There Is No Such Thing as A Literal Translation
A few days ago, I came across a blog post which was making a valid point about the differences in meaning of two Greek words which are usually translated “go” in English. The post made an interesting point, but I did have one significant problem which rather distracted from what would, otherwise, have been a good read.
“Go therefore” from Matthew 28:19. “πορεύω poreuō” literally translates as “to pursue on a journey”, “continue with commitment” and “become an adherent”.
My problem is with the word “literally”. The Cambridge dictionary gives the primary definition of literally as:
using the real or original meaning of a word or a phrase.
The problem with this is that in the example above we have three “literal” English meanings of one Greek phrase, all with different senses. Does poreuo mean “pursue on a journey”, “continue with commitment” or “become an adherent”? These are all very different concepts; there is a link between them, but they are not “literally” the same.
The answer to my question is that poreuo means all of them, none of them and something else altogether.
Let me try to explain. With very few exceptions, words do not mean one single thing that can be clearly identified. They have a central meaning, which spreads out and extends into related areas. In addition, words take on figurative and colloquial meanings which can be far removed from their original senses. A good example of this is provided by the word “literally”, itself, which means the exact opposite of – well – “literally” in a phrase such as “I was literally over the moon”.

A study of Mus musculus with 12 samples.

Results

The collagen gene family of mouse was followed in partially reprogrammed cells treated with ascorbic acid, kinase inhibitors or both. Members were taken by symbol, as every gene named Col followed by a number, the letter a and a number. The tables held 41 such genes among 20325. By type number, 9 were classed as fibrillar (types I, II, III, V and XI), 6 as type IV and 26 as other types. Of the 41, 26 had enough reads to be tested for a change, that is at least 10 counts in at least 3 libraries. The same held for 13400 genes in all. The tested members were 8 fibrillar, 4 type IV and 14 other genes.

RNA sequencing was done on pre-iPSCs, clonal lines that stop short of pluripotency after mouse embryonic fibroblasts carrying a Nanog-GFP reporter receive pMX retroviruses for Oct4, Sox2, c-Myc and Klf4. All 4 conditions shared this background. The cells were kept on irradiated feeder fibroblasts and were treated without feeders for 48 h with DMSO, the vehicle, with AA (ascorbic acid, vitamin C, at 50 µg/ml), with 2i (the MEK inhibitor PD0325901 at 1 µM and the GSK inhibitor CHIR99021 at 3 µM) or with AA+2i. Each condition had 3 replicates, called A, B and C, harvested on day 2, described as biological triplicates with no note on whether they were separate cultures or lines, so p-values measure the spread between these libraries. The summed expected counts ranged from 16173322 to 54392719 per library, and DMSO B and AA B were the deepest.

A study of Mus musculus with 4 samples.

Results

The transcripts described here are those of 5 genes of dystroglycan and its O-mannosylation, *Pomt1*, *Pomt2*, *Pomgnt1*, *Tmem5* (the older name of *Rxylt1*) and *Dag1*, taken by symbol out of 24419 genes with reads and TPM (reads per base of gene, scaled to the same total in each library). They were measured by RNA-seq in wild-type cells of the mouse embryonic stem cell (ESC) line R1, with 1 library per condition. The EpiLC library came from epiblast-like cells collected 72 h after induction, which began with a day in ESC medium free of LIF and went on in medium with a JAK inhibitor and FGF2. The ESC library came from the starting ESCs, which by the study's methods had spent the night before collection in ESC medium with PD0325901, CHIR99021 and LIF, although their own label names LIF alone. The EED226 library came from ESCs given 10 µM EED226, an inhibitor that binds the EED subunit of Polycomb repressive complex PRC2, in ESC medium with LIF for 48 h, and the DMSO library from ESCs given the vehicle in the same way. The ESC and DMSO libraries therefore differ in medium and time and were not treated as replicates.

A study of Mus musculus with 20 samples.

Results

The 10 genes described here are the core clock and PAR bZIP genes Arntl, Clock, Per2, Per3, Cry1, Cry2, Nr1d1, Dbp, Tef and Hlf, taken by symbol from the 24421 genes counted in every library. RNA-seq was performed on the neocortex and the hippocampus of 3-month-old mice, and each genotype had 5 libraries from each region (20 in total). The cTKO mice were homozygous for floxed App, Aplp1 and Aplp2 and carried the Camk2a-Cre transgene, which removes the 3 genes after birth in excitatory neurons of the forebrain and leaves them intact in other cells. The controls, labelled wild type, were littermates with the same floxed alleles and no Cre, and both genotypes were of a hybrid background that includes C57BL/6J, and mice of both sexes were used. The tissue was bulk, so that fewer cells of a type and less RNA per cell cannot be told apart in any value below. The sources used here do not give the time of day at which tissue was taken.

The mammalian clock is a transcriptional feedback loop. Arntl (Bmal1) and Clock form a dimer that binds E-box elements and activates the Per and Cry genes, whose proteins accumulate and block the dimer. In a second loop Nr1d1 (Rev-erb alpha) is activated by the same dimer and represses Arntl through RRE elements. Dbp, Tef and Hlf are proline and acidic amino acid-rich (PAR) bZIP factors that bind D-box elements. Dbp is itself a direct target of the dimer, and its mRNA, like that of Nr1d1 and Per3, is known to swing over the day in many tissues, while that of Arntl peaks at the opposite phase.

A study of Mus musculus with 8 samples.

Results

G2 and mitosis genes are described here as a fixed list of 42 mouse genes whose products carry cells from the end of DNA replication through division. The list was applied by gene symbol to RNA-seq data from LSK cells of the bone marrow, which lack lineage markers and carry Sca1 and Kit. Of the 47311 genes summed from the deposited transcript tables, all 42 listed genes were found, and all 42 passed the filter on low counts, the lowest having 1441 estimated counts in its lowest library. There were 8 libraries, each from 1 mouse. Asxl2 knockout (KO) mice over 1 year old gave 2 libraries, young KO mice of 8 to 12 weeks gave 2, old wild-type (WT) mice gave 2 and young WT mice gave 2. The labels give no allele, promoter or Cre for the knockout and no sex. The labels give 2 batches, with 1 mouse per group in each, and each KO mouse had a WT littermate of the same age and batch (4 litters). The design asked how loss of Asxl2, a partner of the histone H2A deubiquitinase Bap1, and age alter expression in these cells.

The meanings of words is fuzzy and to add complication, no two words in different languages are fuzzy in the same way. Words such as poreuo and go have the same central meaning, but they don’t share the same extended meanings at all. There is no literal translation of poreuo into English. The best we can come up with is an approximation; even using three long phrases as the blog post did, will not capture the full sense of the original.
So why am I bothered about this?
The first thing is that when we talk about literal translation, we minimise some of the difficulties of Bible translation. Words don’t have a one for one correspondence, even in related languages like English and Greek; much less between Greek and African languages. The same word may need to be translated in numerous different ways in different contexts.
I’m also concerned that by assuming that words have simple fixed meanings, we can start to impose our own ideas on Scripture, rather than appreciating and understanding the complexity of the documents themselves. A very good example of this is the oft quoted difference between agape and phileo, two Greek words for love.
Lastly, I am continually bothered by the translation wars in the English language which tout the value of “literal” translations over other sorts of translations. The simple fact is that there is no such thing as a literal Bible translation; if anyone tried to produce such a thing it would be unreadable.
Let’s stop using the word “literally” when we talk about Bible translation; it literally makes my blood boil!
If you want a reasoned and sensible discussion of the different translations available in English and the philosophies that lie behind them, please read Dave Brunn’s One Bible; Many Versions.